New bill aims to shave off discrimination in Minnesota

ST. PAUL, MN — The CROWN Act is a new bill that would ban discrimination based on hairstyle and texture in the State of Minnesota.

The bill passed through the state House of Representatives 104-25, with support from both parties.

The CROWN Act would ban discrimination in settings like education, employment, and housing.

According to Junior Gregory co-owner of LUKS Beauty Supply in Downtown Duluth, hair is an important form of expression for many BIPOC individuals.

“We take pride in it,” said Gregory, “It’s something that means a lot to us.”

Gregory said oftentimes, BIPOC people feel unfairly judged or discriminated against in professional settings, because of the way they express themselves.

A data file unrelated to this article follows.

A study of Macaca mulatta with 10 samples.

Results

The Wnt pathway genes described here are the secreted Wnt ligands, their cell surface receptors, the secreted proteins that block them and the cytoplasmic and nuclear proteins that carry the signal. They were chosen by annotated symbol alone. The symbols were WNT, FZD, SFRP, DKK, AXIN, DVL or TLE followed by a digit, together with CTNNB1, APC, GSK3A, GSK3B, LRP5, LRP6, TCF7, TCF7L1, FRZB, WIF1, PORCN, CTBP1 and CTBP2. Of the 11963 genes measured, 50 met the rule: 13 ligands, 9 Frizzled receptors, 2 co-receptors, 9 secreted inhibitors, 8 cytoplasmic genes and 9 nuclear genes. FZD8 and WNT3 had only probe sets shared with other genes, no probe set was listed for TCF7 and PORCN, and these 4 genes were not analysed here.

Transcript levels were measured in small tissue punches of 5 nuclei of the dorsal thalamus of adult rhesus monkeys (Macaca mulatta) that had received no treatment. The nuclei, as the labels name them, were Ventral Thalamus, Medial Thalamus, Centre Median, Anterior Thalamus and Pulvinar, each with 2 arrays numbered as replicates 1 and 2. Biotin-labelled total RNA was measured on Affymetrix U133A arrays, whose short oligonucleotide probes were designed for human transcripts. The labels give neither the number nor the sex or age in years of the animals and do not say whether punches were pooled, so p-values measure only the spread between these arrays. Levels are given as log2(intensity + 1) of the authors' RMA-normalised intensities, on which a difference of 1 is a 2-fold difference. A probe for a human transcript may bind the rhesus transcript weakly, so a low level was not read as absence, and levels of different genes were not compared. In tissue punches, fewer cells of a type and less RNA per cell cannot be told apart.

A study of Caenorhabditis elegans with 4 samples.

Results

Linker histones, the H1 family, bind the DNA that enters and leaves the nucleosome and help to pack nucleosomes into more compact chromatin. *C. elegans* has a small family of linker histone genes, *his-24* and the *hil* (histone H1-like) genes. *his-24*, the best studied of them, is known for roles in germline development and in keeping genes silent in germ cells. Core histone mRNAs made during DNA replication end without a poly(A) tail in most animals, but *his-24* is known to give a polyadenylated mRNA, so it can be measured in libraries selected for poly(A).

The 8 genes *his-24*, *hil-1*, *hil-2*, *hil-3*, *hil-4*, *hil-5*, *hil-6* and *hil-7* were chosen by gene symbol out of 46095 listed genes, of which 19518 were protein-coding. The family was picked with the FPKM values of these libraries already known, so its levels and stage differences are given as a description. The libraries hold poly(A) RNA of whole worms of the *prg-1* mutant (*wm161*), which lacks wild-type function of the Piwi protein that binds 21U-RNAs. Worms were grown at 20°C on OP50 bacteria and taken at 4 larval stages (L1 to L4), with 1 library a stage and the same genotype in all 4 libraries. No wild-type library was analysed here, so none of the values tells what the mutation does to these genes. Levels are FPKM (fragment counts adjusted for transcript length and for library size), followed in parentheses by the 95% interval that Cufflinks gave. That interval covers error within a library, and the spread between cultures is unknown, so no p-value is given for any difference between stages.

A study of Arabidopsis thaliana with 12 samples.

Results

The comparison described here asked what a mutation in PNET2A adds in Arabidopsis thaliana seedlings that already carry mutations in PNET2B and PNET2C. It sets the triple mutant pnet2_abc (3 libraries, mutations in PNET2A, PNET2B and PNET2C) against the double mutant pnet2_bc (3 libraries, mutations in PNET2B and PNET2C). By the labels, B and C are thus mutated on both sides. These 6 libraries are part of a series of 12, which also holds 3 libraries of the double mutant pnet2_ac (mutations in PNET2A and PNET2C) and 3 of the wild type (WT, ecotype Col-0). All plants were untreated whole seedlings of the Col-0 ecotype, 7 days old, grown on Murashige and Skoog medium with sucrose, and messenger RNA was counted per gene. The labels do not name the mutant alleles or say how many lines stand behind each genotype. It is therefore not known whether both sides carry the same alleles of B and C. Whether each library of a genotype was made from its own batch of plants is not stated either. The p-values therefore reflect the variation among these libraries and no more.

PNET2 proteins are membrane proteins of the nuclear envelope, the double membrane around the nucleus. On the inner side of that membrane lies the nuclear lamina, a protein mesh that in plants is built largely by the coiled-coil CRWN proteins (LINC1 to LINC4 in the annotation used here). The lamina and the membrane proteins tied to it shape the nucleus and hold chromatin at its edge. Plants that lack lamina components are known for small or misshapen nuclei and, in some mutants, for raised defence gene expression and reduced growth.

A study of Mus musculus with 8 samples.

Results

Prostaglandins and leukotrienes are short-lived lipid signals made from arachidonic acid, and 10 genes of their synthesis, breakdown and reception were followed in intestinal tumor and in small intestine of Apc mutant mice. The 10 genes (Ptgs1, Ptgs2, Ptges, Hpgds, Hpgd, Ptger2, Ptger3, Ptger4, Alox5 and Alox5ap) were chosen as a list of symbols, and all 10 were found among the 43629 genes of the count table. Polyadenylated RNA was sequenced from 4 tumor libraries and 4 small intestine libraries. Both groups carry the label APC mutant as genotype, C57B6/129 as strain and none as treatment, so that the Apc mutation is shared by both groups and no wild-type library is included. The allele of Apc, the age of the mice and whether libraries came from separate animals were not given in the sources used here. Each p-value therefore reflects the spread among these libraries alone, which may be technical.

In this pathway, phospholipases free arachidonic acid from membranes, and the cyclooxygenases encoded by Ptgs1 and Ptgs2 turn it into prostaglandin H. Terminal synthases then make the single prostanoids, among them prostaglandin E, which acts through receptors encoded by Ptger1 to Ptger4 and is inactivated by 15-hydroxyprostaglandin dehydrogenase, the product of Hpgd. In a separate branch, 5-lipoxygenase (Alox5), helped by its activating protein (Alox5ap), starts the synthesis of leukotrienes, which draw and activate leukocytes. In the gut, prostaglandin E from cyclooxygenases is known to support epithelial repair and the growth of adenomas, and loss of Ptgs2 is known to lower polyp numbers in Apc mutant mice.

“Some people really won’t leave their house ‘cause their hair’s not done, but if I could just wear my ‘fro and no one is gonna judge me for it, I’d go with it,” said Gregory.

He believes the bill could lift some weight off their shoulders.

“This brings one less thing we have to worry about, if we’re doing things we shouldn’t have to worry about what is natural to us,” he said.

John Staine, who works with the Duluth NAACP, believes the law could change the way people perceive natural hair.

“I remember being in school,” said Staine, “folks used to like put stuff in my hair and throw tissue and erasers, all that stuff and I was told I was the distraction.”

Duluth’s Human Rights Officer, Carl Crawford, thinks the bill indicates that the state is moving in a good direction.

“This is one big first step in the process of Minnesota becoming a true state where equality matters. We’re hoping to see where this goes in the future,” said Crawford.

The bill will move on to the Minnesota State Senate next.

If it passes there, the governor will have the ability to sign it into law.